NOTE: The following is the homily delivered this day in the Archabbey Church by Fr. Guerric DeBona, O.S.B., on this Feast of St. Stephen. Here, he considers the troubling juxtaposition of the joy of Christmas with the bloody martyrdom recalled in the feasts which fall within the Christmas Octave: St. Stephen, the Holy Innocents on December 28, and St. Thomas Becket on December 29.
***I will never get the Christmas Octave. I don’t know about you, but these days following the joyful celebration of the Lord’s Nativity continue to baffle me.
Unlike the Easter Octave, these days seemingly lack a sense of continuity, happiness, and peace certainly present in the eight days celebrating the Lord’s Resurrection; that time cascades us though Christ’s appearances, echoes the Spirit’s power in the Acts of the Apostles, and draws the Church into the transcendent sequence Victime Pascale Laudes.
By contrast, after unbundling the joy of yesterday’s solemnity, the Church today wears red—not to extend yesterday’s peace as much as to razor us jarringly into the often gruesome deaths of martyrs. Stephen, Thomas Becket, and the Holy Innocents create a path for the Christian community which resembles nothing less than wading through rough terrain with more than occasional glimmers of dangerous broken glass.
Paradoxically, it would seem as if secular culture excels at extending the joys of Christmas. People receive bonus checks and often have off several of the days following Christmas to spend with their families. Not a few parents will be gingerly assembling a young child’s doll house or mustering instructions for the latest video game. There will be visits to the Miracle Mile in Chicago or the Ice Rink at Rockefeller Plaza on Fifth Avenue, not to mention office parties and open house get-togethers amid the dazzling lights on Christmas trees. These are the “Partridge in a Pear Tree” days of “four calling birds, three French hens, and two turtle doves.” They delightfully extend Christmas Day into not just a few, but 12; people of good will then are all led back to the stable and join the Wise Men on the Epiphany.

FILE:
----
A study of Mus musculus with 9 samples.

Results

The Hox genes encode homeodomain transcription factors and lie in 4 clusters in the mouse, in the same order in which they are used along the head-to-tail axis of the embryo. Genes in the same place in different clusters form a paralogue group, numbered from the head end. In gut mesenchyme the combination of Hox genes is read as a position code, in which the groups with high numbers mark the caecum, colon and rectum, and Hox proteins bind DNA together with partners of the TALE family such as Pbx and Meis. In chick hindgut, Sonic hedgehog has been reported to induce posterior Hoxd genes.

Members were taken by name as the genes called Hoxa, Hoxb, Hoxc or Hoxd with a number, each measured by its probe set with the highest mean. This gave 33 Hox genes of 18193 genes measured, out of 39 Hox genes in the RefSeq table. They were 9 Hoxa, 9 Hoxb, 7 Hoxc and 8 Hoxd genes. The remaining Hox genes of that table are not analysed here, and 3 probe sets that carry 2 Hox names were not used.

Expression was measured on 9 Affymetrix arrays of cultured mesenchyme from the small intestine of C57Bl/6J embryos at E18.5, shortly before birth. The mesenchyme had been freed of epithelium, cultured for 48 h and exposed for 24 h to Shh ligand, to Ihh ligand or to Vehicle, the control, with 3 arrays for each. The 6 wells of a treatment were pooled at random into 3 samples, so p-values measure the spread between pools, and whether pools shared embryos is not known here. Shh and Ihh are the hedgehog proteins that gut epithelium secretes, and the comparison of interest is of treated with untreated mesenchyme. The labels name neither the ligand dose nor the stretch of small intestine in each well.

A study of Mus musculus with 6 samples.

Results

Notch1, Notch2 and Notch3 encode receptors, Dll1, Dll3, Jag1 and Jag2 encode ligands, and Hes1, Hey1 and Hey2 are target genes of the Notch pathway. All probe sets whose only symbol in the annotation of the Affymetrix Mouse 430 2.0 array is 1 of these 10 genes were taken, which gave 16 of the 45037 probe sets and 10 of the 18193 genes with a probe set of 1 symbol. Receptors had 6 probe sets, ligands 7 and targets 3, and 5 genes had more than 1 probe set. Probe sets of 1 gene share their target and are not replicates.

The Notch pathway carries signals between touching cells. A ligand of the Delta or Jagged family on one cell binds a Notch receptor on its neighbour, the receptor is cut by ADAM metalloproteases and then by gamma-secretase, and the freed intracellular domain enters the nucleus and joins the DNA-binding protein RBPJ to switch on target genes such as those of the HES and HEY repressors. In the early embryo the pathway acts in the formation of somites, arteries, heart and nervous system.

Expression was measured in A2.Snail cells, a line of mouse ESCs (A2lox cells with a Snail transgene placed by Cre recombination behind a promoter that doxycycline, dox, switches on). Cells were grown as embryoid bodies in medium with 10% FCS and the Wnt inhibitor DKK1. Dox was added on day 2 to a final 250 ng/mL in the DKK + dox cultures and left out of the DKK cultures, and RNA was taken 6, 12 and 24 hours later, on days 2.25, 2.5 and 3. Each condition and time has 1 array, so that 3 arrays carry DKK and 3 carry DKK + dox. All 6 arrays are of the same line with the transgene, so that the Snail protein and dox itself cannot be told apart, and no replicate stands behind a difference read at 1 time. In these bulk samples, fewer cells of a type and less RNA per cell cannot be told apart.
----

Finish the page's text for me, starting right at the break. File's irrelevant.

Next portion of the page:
Sounds like a good idea to me; nobody ever dies when friends raise a fluted glass of asti spumante and kiss under a mistletoe. So, I ask again: who put the bloody Octave in Christmas?
Well, I will hazard a guess. St. Stephen, Deacon and Proto-Martyr, put the Octave in Christmas by kick-starting sober Christianity’s service written in blood. The difference between the Easter Octave and these days following Christmas is that this Octave concerns witness while Easter realizes its fulfillment.
Stephen’s diaconate of service and testimony becomes linked with Christ’s own witness when the Lord says in today’s Gospel (Matthew 10:17-22): “You will be hated by all because of my name, but whoever endures to the end will be saved.” These are sober words about real life Christian testimony, which traces its origins to St. Stephen. And indeed, the account of Stephen’s stoning in Acts (6:8-10; 7:54-59) mirrors Jesus’ own self-gift and surrender and service.
Ironically, in Acts, Luke uses the word “martyr” or “witness” to describe the folks who laid down not their lives, but their garments at the feet of the arch-persecutor of the Church, Saul of Tarsus. Clearly, there are many ways of witnessing, but the only authentic testimony is linked to Christ’s own. As the responsorial psalm today reminds the Church, we are taken up into Christ’s sacrifice by the witness of the true martyr Stephen: “Into your hands, O Lord, I commend my spirit.”
So Stephen’s death, which we commemorate this day, sets the tone for what we rightly call the Christmas Octave because the witnesses who follow the Lord’s Nativity make his coming in the flesh an ongoing historical reality. By contrast, the office parties, the new toys, and the holiday sales will all be left as so much tinsel on the ground, together with last year’s Christmas tree. Jesus’ less than charming admonition to his disciples acknowledges the reality of his coming a human being in time, in a world which did not receive him.
His disciples will certainly provoke wrath with their testimony because witness is, by definition, never done in secret. Witnessing must become proclamation, which Stephen himself does in recounting Israel’s history in a new way, now that the Messiah has come. “A clear and unequivocal proclamation,” Pope Paul VI says, is the result of witness because “there is no true evangelization if the name, the teaching, the life, the promises, the kingdom and the mystery of Jesus of Nazareth, the Son of God, are not proclaimed.” Even in his last breath, Stephen proclaims the name, as he asks the Lord to receive his spirit.
The Feast of Stephen asks us to exchange our white baptismal garment for a red one. The witness of monastic life each day begs that the Lord receive our spirit in service and fraternal charity.
I have a sense that sincere and authentic witness as proclamation is becoming more and more urgent these days for the Church as it evangelizes the Word become flesh in this culture. Some say we are currently living in an environment of post-truth, where lies and falsehoods traffic as history. Social media can fabricate and weave and unweave stories in a tapestry which rivals Penelope’s long-suffering stitching in Ithaca as she waits for Odysseus to return.
Until Christ comes again, it is the Church’s mission to be at the ready to unravel lies, proclaim the truth, and retell history through the lens of God’s coming in the flesh: good news to those held captive by poverty and injustice, liberty to prisoners, sight to the blind. And our lives and speech will proclaim that truth again and again, just like the first martyr.
May St. Stephen, deacon and proto-martyr, make us better witnesses to the Kingdom and to the Anointed One who has so sublimely come to bring that Good News to our heart’s threshold.